The government should be held responsible for Friday’s power cut that left thousands stranded and sent London into ‘apocalyptic darkness’, a transport union leader has said.
Manuel Cortes, general secretary of the Transport Salaried Staffs Association, has demanded answers from Boris Johnson over blackouts which affected over a million people.
People were unable to travel from some of the country’s busiest railway stations including Kings Cross and Euston on Friday.
Some chose to spend hundreds on taxis home instead of waiting out the chaos, but thousands of passengers face a second day of disruption as they attempt to make their journeys today.
Mr Cortes said it was reasonable to wonder if the power cut was a ‘sign of things to come’ as Britain hurls towards a no-deal Brexit.
He said: ‘We’ve seen thousands of passengers stranded, unable to board trains and a number of cancellations; others have been taken off trains and onto the tracks. We need to know why this occurred and the lessons to be learned.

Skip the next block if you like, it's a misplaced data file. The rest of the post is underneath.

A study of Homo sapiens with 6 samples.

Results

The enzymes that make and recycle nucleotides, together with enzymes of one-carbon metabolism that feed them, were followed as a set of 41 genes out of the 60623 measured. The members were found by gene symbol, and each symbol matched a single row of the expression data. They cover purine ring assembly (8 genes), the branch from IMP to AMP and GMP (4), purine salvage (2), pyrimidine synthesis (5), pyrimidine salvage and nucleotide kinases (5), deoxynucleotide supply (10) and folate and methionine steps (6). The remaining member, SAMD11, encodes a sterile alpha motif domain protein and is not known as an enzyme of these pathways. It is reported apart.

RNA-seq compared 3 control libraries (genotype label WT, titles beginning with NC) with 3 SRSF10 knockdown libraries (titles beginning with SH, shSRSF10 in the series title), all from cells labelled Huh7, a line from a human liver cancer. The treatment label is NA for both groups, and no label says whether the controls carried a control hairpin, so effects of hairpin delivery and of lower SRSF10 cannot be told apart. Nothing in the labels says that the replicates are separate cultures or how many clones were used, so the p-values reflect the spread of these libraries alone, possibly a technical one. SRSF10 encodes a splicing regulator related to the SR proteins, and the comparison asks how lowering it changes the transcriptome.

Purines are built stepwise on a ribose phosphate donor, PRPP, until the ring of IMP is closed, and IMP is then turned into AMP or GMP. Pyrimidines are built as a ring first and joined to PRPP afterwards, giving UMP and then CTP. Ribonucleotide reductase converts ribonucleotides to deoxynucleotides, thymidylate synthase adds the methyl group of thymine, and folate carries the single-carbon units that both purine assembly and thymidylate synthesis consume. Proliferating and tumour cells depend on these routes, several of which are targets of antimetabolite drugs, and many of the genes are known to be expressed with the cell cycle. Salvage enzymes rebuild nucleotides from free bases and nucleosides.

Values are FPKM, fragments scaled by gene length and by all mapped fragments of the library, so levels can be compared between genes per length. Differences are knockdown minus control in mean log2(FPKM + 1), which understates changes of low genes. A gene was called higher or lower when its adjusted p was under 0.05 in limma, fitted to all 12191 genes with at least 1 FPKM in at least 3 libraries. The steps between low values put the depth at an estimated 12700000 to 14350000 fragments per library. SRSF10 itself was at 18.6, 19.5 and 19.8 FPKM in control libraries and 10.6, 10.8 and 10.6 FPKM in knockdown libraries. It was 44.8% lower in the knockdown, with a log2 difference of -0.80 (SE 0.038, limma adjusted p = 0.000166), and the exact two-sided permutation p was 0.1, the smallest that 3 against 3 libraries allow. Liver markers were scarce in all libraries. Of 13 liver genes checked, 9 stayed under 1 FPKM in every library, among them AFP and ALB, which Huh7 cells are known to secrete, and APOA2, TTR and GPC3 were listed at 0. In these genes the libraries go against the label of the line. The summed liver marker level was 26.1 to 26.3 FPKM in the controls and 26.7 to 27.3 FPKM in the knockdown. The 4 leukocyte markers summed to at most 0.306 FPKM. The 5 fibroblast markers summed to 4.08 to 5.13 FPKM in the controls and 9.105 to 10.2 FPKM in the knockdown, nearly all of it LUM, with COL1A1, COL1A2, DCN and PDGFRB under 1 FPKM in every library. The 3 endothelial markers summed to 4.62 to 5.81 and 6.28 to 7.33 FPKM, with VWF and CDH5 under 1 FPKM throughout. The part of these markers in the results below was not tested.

‘As we face the growing prospect of a No Deal Brexit it’s reasonable to wonder if this is a foretaste of things to come.
‘Along with an economy sliding towards recession and expected food shortages, we now seem to be a country where blackouts happen without warning, travel grinds to a halt, traffic lights stop working and – terrifyingly – hospitals are left without power.
‘Boris Johnson can’t remain silent over this – he must quickly provide answers and illumination.’
Angry Brits have also taken to Twitter to vent their frustration over the nation’s ‘creaking infrastructure’.
People complained of travelling 12 hours to get home, while others were stuck on trains until the early hours of the morning.
Some blamed Tory austerity and a lack of investment on the chaos that ensued following the power cut.
Shadow business and energy secretary Rebecca Long-Bailey said the impact of the power outage was ‘unacceptable” at a time when National Grid reported £1.8 billion in profits and increased dividends to shareholders.
The blackouts, which started at around 5pm, saw airports, trains and even traffic lights go down across London, the South East, the Midlands and the North West.
That National Grid said the outage was due to a technical fault at two power generators and denied the possibility of a cyber attack.
Spokesman Duncan Burt told the BBC Radio 4 Today programme the generators had disconnected ‘almost simultaneously’ and that this was an ‘incredibly rare event’.
However they have promised to ‘learn lessons’ from the power cut after energy watchdog Ofgem demanded an ‘urgent detailed report’ and threatened enforcement action.